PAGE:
Conserving our planet's botanical resources and ecosystems

Encyclical Letter and the importance of church forest conservation

Below is commentary written by Ezana Habte-Gabr regarding the use of Pope Francis’ Encyclical letter, “Laudato Si: On Care for Our Common Home to highlight the impact of humans on nature:

Little is known about Encyclical letters outside the ecclesiastic sphere of the Roman Catholic Church. The media alludes to them whenever controversial issues are addressed and this is just for a few days. While the term Encyclical Letter has been heard by faithful parishioners, it seems often to be considered something for the clergy and religious scholars. For those outside the area of religious studies or practicing Christians, referring to one of these documents as a source of information or inspiration would perhaps be unconceivable. However, the latest Encyclical letter, Laudito Si , greatly inspired by previous ones, is proving to have a broader readership as it addresses the impact of humans on “Our Common Home”- Nature. It provides an overview of the perspectives of the ecological debates suggesting that husbandry goes beyond the “technocratic paradigm” (Section 101. Page 75) This observation holds true when it comes to spiritually driven conservation which has proven to have conserved trees in countries around the world. Church forests tend to affirm the Pontiff´s observation that “intense dialogue fruitful for both” (section 63 page 45)

Conservationists from diverse paradigms have been lead to look at church woods which are inherent components of Orthodox parishes in Ethiopia and Eritrea. Pope Francis openly admits that “other churches have expressed deep concern on issues which all of us find disturbing” (Section 7.Page 7)

While scientific studies which employ Geographical Information Systems and others have monitored the significance of how these woods have been preserved, one’s own experience of having lived near one of these churches is sufficient to witness the stark contrast between vegetation in and outside of the church yards. “The Principle of the Common Good, (Section 156 Page 116) or the overall welfare of the society is what has been seen in these woods. Perhaps, more so today as they are considered not only part of the church, but national patrimony, which bring in tourists and pride to religiously diverse countries.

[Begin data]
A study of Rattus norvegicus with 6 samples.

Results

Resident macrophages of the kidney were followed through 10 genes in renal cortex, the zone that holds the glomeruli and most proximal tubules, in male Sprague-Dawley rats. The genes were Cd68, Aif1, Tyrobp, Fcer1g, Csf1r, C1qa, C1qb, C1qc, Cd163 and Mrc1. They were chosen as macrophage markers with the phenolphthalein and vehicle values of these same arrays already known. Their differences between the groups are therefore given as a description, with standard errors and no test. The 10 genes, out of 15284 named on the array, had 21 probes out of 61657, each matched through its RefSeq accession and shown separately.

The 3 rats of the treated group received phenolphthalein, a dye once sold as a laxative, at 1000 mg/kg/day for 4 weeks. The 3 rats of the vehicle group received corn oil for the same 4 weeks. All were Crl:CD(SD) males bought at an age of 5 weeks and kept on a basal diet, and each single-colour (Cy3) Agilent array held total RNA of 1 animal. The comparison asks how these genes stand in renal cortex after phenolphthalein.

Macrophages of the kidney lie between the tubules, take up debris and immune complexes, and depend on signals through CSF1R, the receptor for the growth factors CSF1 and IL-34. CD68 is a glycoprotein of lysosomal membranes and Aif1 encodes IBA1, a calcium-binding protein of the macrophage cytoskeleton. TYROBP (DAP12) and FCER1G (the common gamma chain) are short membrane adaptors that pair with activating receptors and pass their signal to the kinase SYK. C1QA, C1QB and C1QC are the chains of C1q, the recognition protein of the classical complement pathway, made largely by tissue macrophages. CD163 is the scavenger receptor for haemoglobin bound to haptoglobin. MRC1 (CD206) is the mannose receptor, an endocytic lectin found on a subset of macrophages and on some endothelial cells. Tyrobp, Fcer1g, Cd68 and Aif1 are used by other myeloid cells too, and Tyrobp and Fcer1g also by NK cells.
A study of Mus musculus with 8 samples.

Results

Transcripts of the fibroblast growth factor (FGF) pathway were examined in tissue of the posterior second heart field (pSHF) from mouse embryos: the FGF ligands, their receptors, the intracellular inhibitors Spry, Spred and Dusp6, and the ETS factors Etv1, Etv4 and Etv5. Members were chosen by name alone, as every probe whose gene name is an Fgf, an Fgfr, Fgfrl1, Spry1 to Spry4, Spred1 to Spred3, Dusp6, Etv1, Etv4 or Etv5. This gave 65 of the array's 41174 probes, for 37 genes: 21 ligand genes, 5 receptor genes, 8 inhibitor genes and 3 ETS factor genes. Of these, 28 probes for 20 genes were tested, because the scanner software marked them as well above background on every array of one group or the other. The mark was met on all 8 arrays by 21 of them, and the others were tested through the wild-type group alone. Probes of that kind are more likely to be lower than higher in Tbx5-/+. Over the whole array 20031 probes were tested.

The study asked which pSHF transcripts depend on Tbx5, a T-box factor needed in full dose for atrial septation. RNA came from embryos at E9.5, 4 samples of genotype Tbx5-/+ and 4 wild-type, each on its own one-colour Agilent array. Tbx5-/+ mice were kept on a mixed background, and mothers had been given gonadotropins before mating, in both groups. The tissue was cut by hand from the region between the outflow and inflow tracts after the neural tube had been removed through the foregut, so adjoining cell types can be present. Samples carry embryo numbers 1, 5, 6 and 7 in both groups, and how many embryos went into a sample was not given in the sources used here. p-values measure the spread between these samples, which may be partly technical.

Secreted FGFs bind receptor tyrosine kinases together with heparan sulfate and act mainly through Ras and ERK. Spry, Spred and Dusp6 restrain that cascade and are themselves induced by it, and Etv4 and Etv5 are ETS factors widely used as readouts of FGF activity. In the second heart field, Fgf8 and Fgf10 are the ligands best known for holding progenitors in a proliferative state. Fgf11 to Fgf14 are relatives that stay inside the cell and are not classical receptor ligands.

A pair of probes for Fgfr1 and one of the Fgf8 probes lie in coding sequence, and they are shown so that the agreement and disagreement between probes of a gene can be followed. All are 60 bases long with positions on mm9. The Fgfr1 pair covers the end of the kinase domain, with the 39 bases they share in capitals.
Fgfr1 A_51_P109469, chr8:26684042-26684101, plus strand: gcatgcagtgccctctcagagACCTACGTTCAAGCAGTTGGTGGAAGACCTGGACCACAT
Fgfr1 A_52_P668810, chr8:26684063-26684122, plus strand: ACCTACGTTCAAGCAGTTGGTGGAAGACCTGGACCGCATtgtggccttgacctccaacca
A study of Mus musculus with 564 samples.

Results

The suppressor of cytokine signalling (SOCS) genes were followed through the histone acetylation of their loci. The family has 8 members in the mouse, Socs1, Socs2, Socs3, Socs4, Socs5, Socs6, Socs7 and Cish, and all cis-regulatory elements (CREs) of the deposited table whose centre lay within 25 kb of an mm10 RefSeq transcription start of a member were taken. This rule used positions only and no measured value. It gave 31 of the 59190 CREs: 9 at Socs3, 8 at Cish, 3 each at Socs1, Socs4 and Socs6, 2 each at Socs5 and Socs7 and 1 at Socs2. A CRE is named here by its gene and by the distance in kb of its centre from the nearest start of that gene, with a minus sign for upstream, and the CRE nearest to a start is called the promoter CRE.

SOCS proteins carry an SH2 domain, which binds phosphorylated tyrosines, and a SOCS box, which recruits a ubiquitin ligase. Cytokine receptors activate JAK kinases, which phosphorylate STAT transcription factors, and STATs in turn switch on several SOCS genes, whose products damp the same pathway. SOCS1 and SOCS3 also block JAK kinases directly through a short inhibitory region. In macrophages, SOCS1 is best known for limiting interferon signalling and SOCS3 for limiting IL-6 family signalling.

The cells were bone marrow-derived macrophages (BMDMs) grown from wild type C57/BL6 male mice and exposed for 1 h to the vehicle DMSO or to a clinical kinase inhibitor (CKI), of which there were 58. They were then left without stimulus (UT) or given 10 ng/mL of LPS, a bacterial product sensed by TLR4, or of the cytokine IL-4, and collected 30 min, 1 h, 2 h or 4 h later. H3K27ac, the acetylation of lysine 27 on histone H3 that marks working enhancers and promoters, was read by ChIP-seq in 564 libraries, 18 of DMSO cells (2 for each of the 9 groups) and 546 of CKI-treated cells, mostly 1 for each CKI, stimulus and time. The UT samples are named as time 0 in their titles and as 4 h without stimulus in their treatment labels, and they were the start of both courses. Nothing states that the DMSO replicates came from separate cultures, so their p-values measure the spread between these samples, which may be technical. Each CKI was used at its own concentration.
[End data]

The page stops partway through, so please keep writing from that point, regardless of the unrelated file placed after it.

As I accompanied my grandfather to mass or kidase as a child, I was quite aware of the native species in the church yard and their role in what the Pope refers to “contemplative rest” (section 237 Page 172) The naturalness of these woods, demonstrate to the believer creation and to others mere nature which has not been disrupted by modernization. While the church yards continue to be a museum of the historic landscape, the land outside them is a “Promethean vision of mastery over the world” (section 116 page 87) as it was subject to centuries of unchanged agricultural practices. While many agrarian scholars have pointed out to a historically quasi-feudal system in Ethiopia and Eritrea as having changed its ecology, it also important to consider the adversities of global warming on the African continent. (Section 51 page 37) It was overwhelming to fly over the Horn of Africa after having lived for over twenty years in the North and South America and witness dark green circles, the Orthodox parishes, in the midst of the brown yellow mountainous landscape , a contrast starker than ever.

Far from Quasquam, in Bogota, Colombia, where I presently live, I have noticed that parishes tend to be built in or next to parks, maintaining vegetation which not necessary always be native. However, the notion of conserving nature around a church is quite explicit. Catholic parishes in Latin America have traditionally been part of the urban landscape as they towered over the town or city square. New neighborhoods, irrespective of their socio-economic levels have constructed parishes within parks or have contributed to developing these green spaces as the cities spread out. Perhaps, the sacred perception of these spaces has contributed to them being considered “our common home” and as is the case of Bogota, parts of some public parks have become de facto homes to churches. Overlooking Bogota, is the Basilica of Monserrate, on top of a mountain, which like the Orthodox Churches in the Horn of Africa, reminds the pedestrian of the nature sensitiveness of spiritual sites around the world.

Church yards, irrespective of their location and creed, go to demonstrate that the environmental movement of the Twenty First Century surpasses a defined line between science and religion. Science, through its ability to precisely evaluate and measure change through computer models continues to prove and highlight the achievement of religion in conserving nature. Saint Francis, who the Pope’s name comes from and the Bahatawean Monks livng around the Orthodox Churches are today are no different than any other environmental activists. Growing up in the 70s, a period in development history based on Modernization, the Bahatawean monk, dressed in his humble worn out yellow cassock, which symbolizes pain and sacrifice in the East African Orthodox Church, was considered a laggard in the scientific world. Home for the Bahatawean has always been nature, particularly the church forests. Today, notions such as Sustainable Development, while being driven by rationalism and science seek a very similar to that which has been sought by these churches.

No wonder, this Encyclical is a best seller in Italy.